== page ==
The Miriam Hospital has received another multimillion dollar grant from the National Institutes of Health to support HIV and AIDS research. The money will fund research into new treatments.
The Miriam is the state’s largest provider of HIV and AIDS care. The grant of $2.4 million dollars is a renewal that will help the institution continue its work as part of a multi-site aids research consortium, called the AIDS Clinical Trials Group (ACTG) Network. That group’s work helped pioneer a new way to keep pregnant mothers from transmitting HIV to their babies.
Rhode Island observed World AIDS Day Monday. This year’s theme is “get to zero.”
Twenty-seven year old Anthony Maselli has been living with HIV for a little over a year. After much deliberation, he decided to go public with his disease and says he has not suffered any repercussions because of it. That’s not to say, however, that it’s an easy disease to live with.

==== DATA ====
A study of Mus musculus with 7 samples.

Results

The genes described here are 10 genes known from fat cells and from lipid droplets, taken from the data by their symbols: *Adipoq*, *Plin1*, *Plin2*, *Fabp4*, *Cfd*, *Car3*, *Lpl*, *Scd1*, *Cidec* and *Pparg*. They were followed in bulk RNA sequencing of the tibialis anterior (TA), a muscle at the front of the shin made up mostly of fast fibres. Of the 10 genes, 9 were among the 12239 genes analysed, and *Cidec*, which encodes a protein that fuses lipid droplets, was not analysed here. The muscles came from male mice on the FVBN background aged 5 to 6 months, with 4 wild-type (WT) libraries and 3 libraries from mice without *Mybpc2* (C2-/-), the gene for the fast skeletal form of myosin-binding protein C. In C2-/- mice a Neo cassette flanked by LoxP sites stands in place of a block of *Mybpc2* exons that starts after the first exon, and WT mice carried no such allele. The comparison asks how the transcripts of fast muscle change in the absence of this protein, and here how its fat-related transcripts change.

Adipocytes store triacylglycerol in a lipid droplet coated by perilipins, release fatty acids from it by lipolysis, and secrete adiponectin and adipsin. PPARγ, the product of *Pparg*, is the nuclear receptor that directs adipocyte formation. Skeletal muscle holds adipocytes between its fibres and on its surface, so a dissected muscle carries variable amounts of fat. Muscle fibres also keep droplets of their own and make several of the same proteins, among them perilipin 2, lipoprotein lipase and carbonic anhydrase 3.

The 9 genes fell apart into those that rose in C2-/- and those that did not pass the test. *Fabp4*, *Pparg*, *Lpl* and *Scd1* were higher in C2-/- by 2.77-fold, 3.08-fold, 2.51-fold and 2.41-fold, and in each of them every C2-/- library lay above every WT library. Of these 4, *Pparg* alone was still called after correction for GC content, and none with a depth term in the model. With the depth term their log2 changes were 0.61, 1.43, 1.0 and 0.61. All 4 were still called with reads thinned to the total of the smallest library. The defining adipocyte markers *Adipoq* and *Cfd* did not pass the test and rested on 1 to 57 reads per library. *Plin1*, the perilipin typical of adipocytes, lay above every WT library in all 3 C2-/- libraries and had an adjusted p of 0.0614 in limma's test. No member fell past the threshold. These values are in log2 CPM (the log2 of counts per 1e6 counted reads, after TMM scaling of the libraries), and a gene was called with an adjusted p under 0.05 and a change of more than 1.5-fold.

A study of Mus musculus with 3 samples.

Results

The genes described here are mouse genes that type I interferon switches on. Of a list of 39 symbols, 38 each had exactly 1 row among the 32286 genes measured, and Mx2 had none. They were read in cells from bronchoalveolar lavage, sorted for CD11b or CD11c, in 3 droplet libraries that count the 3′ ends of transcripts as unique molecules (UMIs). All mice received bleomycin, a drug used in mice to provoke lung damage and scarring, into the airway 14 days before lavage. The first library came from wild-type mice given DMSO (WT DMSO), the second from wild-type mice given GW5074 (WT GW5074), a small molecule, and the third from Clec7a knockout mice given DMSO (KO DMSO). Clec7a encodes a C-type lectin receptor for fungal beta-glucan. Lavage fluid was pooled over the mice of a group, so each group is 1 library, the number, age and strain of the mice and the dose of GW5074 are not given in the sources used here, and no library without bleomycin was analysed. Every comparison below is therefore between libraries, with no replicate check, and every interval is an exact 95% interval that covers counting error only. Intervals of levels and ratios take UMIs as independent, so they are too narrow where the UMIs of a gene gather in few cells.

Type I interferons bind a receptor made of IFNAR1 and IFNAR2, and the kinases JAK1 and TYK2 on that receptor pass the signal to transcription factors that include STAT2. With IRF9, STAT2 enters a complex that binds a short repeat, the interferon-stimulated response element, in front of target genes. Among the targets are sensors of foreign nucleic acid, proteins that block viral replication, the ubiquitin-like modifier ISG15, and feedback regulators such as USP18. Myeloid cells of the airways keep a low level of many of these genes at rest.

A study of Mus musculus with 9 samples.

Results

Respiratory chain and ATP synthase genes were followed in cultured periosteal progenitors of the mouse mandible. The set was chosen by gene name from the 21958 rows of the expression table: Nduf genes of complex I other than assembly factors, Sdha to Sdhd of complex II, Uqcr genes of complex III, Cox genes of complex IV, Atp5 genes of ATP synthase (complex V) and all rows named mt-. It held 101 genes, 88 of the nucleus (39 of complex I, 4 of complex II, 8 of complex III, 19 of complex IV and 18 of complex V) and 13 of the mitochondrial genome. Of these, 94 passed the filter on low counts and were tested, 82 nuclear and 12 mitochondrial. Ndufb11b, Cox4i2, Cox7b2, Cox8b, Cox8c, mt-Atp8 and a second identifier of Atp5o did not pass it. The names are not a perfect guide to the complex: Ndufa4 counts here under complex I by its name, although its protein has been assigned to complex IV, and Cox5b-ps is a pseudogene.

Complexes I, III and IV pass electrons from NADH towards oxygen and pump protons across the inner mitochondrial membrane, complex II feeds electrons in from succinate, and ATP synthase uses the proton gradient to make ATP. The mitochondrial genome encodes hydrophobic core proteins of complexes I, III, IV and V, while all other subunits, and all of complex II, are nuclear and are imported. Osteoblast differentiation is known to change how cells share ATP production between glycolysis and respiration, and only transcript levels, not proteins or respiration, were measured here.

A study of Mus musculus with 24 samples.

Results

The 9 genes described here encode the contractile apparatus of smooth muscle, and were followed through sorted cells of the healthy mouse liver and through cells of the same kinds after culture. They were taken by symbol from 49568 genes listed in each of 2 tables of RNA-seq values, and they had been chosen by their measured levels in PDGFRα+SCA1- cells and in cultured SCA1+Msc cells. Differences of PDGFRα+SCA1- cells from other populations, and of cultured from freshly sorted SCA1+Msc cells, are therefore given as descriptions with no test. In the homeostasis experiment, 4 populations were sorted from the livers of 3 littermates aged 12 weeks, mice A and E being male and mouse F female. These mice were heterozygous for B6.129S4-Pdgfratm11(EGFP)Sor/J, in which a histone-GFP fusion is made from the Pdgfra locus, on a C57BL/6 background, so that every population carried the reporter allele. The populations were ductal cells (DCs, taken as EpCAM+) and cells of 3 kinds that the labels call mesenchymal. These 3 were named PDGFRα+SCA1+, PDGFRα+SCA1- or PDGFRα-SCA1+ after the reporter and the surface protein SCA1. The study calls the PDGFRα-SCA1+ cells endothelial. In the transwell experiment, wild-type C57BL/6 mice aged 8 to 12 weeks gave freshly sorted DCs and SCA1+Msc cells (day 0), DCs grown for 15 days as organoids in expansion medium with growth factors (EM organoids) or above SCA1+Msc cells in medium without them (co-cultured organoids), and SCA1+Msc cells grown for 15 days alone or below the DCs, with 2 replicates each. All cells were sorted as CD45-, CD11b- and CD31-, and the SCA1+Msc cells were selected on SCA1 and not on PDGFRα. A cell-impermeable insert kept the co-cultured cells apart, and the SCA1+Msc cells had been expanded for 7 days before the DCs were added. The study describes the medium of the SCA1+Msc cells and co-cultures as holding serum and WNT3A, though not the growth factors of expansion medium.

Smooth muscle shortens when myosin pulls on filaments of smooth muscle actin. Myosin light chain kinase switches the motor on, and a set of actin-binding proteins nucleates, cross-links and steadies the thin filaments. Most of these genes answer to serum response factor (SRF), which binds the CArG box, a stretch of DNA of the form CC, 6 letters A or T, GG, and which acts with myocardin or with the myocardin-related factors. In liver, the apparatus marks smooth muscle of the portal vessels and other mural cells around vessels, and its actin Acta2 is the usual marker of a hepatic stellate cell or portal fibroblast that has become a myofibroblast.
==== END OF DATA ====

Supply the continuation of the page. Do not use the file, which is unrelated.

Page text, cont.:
"It’s very stressful sometimes and emotional for me. It took a while for me to be able to look at myself in the mirror and say ‘I’m HIV positive’ without completely breaking down," said Maselli.
It's World AIDS Day, and in Rhode Island several events are taking place to mark it, including an event earlier at the statehouse with the Rhode Island Coalition for HIV Prevention and announcements about new prevention initiatives by the Rhode Island Dept. of Health (more on those later).
Rhode Island Department of Health director Dr. Michael Fine says Rhode Island must address prescription drug abuse. Fine’s comments come as part of a list of priorities he’s shared with lawmakers.
Topping the list: ending deaths from prescription drug overdoses and colorectal cancer, as well as curbing the transmission of new HIV cases in Rhode Island. Fine also wants to reduce the number of premature births and C-section deliveries.